I just finished reading Izzie and Lenore: Two Dogs, an Unexpected Journey, and Me by Jon Katz, an author of novels, memoirs, and children’s books who lives on a farm in
The author also provides anecdotes about other animals on the farm and talks about how they got along with Izzie and Lenore. He describes how he trained first Izzie and then Lenore for hospice work and how the dogs effected terminally ill patients’ behavior. Some suffered from dementia, but after a visit from Izzie, they became more manageable so family caregivers and nursing home staff could more easily bathe and change them and administer medications.
When Izzie was around, patients who were agitated became calm, and those who rarely spoke uttered a few words. As a result of Izzie’s visits, one patient recovered to the point where his doctors determined he no longer needed hospice care. I wonder how this man did once Izzie’s visits were discontinued.
Jon Katz also describes his bout with depression and reflects on the healing power of animals. I feel I can relate to his work with hospice patients. Although I never worked with hospice directly, I spent fifteen years as a registered music therapist in a nursing home and often encountered residents who were terminally ill. I used music for the same purposes that Jon Katz used Izzie and Lenore.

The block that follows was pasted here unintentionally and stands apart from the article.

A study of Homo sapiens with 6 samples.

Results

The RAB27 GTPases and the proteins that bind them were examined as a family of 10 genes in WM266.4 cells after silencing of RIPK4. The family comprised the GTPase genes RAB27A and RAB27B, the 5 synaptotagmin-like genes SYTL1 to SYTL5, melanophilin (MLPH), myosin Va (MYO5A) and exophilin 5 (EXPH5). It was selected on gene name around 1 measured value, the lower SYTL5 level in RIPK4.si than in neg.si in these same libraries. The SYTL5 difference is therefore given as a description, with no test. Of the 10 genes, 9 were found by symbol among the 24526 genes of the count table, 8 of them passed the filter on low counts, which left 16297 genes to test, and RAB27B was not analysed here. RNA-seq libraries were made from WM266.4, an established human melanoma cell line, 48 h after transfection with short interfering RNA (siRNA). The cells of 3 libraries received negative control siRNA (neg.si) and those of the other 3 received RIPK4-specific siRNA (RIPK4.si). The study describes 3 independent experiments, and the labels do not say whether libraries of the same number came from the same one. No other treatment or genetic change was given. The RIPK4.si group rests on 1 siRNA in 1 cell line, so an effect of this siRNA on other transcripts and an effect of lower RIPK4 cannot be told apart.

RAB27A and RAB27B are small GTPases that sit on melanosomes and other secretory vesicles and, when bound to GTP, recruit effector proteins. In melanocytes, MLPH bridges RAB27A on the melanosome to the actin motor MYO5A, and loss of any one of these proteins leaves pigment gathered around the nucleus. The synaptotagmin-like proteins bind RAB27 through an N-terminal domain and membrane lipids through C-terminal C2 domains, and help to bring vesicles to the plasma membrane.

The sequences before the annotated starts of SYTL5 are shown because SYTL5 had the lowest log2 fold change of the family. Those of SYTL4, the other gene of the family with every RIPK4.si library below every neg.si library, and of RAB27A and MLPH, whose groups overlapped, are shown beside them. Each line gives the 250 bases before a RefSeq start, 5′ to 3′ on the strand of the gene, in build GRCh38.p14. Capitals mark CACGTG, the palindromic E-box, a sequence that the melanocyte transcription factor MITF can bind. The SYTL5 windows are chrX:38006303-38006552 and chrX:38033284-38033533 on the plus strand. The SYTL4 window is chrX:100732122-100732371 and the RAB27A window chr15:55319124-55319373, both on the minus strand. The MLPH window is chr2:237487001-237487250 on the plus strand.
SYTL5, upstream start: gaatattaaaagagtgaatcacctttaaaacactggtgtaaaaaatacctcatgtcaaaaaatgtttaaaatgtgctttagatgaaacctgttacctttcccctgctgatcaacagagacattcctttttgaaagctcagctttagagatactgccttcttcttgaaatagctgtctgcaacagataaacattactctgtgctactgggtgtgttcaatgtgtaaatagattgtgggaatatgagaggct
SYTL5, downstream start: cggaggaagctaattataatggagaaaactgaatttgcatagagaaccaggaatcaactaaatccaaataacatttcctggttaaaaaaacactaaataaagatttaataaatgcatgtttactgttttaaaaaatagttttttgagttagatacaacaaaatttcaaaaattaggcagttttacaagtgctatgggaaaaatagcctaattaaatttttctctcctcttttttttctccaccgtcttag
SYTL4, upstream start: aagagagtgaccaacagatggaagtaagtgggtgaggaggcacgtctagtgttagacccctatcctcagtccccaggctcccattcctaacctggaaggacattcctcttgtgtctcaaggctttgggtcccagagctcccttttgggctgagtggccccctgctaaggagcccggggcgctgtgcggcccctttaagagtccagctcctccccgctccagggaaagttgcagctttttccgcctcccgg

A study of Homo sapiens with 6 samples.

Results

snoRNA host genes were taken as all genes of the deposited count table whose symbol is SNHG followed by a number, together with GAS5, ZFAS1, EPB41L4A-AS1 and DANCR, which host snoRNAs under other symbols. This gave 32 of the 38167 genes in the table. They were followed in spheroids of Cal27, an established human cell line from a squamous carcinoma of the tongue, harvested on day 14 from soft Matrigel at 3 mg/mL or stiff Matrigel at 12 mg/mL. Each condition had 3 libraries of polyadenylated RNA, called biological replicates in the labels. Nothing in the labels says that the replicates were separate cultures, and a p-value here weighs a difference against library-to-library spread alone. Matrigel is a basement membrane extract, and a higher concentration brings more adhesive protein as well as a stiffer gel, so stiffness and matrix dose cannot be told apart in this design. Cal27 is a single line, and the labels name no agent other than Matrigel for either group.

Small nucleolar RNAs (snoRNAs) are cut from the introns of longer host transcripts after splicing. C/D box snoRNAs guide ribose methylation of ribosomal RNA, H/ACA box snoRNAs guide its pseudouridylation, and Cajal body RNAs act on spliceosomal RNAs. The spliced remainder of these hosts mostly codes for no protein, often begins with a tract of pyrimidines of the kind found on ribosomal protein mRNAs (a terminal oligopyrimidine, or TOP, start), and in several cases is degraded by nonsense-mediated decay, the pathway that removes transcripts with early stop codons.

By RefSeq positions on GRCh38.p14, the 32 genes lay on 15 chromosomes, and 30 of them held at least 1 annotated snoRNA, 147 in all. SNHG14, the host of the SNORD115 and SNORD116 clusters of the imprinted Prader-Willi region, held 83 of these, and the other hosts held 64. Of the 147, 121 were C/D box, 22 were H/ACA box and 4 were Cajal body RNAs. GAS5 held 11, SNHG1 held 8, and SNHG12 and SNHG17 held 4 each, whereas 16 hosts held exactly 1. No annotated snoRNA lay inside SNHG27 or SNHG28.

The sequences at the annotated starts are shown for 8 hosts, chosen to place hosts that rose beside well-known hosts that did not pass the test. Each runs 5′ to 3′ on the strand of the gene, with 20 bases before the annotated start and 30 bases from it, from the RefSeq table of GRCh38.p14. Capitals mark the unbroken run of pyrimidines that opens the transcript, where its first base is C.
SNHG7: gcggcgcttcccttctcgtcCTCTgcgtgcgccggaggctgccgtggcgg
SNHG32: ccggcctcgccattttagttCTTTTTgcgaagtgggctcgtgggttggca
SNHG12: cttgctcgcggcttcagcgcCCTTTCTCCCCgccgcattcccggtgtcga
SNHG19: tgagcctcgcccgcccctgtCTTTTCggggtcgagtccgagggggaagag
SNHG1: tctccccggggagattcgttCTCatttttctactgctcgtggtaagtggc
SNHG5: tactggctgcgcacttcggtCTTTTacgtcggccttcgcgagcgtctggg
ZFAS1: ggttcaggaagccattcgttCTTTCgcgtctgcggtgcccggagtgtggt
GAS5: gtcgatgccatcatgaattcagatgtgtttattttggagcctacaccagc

Reading this book, especially the author’s experiences with hospice patients, gave me a whole new perspective on my life as a family caregiver. I’m lucky because my husband Bill isn’t suffering from a terminal illness. He’s partially paralyzed and confined to a wheelchair as a result of two strokes. I must do almost everything for him, but he’s not bedridden, and I don’t have to bathe him or administer pain medication intravenously or handle oxygen tubes. I don’t have to see him in pain or discomfort or deal with agitated behavior. I hope that when the time comes, he’ll go peacefully, and I won’t be forced to endure the agony of watching him die.